ACCCIM Media Conference on
Survey Report on Economic Situation of Malaysia for the 1st Half of Year 2012
Speech by Dato' Lim Kok Cheong, President of ACCCIM
First of all, I would like to express my appreciation to all the media representatives for your presence this afternoon.
The ACCCIM Survey on Economic Situation of Malaysia for the First Half of year 2012 is conducted as a means to gauge the economic situation of the Malaysian Chinese business community in the First Half of 2012. The survey also covered some current issues in relation to the Government policies and measures, namely implementation of minimum wages and Competition Act 2010, concerns and impact of the European Financial Crisis, views in relation to the state of the Malaysian economy to-date in relation to the coming 13th General Elections, as well as the prices of properties in Malaysia. This survey outcome would serve as important reference for the business community as well as for consideration by the Government.
Chairman of the ACCCIM Commerce Committee Dr. Leong Kai Hin will brief on the survey findings in a short while.
Business competition has become increasingly stern, and the SMEs are facing tough challenges, both domestically and abroad. Many businesses become less optimistic, on the back of shrinking new orders and production as they feel the pinch from weakening global demand, while the efforts by the government at the macro level may not yet have filtered down to them and they are being squeezed by rising costs of doing business.
The increase in operating costs and prices of raw materials has become the greatest concern among businesses. Increase of 1% point in EPF contribution for workers earning RM5,000 and below, the imposition of 1% feed in tariff, the impending implementation of the minimum wage are perceived to aggravate operating costs and affect the business performance of SMEs. At the same time, employers would be hit by another new ruling, i.e. the extension of retirement age in the private sector to 60 year of age. Wage costs are now expected to further increase for businesses through the extended retirement age of the older aged staff.
Malaysia's corporate tax is relatively high compared with to neighbouring countries. There is a need to reduce corporate tax to help ease the burden of businesses, encourage domestic re-investments as well as to make Malaysia more attractive as an investment destination for FDIs.
Therefore, lowering corporate tax rate is among the items on ACCCIM’s wish list for Budget 2013. We are seeking a gradual reduction of corporate tax rate from 25% to 22%, and to 17% in the long run.
In addition to above, we are also of the view that the standard rate for GST should start from as low as possible and should not burden the rakyat. On this, ACCCIM recommends starting with a GST rate of 4%. At the same time, the government is urged to formulate and announce the timetable of implementing the GST, and to allow at least 18 months, enabling businesses to make preparations and necessary training so as to ensure that the resultant cost of doing business would not increase.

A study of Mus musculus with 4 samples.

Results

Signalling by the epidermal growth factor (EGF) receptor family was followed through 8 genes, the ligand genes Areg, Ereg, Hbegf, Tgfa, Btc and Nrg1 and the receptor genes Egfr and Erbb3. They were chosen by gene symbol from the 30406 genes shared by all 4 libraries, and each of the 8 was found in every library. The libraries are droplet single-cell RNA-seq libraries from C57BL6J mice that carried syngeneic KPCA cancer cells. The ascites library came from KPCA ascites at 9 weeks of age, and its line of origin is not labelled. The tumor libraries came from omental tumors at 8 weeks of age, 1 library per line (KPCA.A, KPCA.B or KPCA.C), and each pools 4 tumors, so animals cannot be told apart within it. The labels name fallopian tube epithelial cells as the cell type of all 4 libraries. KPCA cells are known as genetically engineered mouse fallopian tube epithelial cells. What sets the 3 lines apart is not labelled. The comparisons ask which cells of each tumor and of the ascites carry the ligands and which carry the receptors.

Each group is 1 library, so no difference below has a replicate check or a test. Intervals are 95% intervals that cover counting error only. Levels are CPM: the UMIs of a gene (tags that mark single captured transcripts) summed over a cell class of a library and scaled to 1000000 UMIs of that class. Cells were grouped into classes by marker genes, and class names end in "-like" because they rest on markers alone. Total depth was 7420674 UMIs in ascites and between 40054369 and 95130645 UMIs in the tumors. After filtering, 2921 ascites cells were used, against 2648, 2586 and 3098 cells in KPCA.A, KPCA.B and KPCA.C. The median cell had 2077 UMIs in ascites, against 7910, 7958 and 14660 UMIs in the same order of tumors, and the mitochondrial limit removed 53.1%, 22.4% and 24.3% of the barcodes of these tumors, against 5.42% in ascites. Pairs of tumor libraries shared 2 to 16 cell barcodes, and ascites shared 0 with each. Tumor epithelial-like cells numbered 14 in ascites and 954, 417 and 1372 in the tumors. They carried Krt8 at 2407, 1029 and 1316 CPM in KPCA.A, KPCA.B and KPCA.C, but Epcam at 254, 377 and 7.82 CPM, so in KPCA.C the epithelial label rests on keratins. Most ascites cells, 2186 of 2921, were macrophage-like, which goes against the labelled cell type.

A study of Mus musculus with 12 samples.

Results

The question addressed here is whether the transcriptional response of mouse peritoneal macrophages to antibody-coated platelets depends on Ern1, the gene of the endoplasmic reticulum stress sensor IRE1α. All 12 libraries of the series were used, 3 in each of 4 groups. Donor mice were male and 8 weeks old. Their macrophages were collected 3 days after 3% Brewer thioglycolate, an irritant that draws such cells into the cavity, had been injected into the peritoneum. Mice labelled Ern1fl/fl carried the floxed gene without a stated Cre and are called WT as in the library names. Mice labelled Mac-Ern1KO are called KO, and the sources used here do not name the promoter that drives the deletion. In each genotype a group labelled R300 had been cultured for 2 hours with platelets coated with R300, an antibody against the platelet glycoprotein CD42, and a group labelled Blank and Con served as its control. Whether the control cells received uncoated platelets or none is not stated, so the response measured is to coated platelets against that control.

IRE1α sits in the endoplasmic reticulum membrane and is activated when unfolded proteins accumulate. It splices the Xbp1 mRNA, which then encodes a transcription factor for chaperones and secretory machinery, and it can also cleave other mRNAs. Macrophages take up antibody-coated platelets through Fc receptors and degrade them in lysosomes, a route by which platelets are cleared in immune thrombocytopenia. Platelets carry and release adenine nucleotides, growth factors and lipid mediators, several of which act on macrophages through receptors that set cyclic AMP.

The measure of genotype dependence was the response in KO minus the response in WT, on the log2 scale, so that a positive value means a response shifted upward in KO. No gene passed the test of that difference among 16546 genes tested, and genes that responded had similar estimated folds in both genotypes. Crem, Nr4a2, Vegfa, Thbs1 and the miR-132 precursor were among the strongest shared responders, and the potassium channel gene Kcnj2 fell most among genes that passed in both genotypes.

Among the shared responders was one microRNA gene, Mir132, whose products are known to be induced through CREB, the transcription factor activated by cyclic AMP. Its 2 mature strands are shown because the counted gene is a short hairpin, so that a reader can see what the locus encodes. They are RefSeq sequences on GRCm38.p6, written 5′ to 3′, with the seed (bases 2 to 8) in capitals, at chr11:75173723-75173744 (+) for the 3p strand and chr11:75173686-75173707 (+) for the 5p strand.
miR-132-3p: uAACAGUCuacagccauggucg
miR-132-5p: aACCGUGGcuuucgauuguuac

It has been reported that Malaysia registered significant improvements in the Business Efficiency category and in the Government Efficiency category. These notable improvements in Malaysia’s rankings have indirectly helped to create a favorable business and investment climate. ACCCIM commends the government for several recent efforts to improve the delivery system in public sector. Clear and transparent processes and procedures as well as shortened the processing time for licenses will certainly reduce cost of doing business.
Finally, I commend ACCCIM Commerce Committee’s efforts with UTAR cooperation in making this survey a success. I also take this opportunity to thank the media for your support and cooperation in giving continued coverage to this survey exercise.
Significance of the survey
- To assist the Government in gauging the economic situation facing the Chinese business community.
- To collect feedback and opinion on various measures undertaken by the Government to enable them to evaluate the effectiveness of those measures.
- This study would be helpful to the Government either in making adjustments to the existing policies or in the formulation of new policies.
- The result of the survey would also provide a basis for ACCCIM to submit relevant memoranda to the Government.
Profile of respondents
- The respondents were mainly from wholesale and retail (24.3%), manufacturing (19.5%), professional & business services (14.2%), construction (8.8%), tourism, shopping, hotels, restaurants, recreation & entertainment (5.3%), transportation, forwarding & warehousing (5.1%), finance & insurance (5.1%) as well as others (17.6%).
- Nearly 20% of the respondents were from Non-SME (according to annual turnover and full time employees).
- Some 81% of the respondents were domestic market oriented whereas the remaining 19% focused on “both domestic and export” markets (12.6%) or ‘export’ markets (6.4%).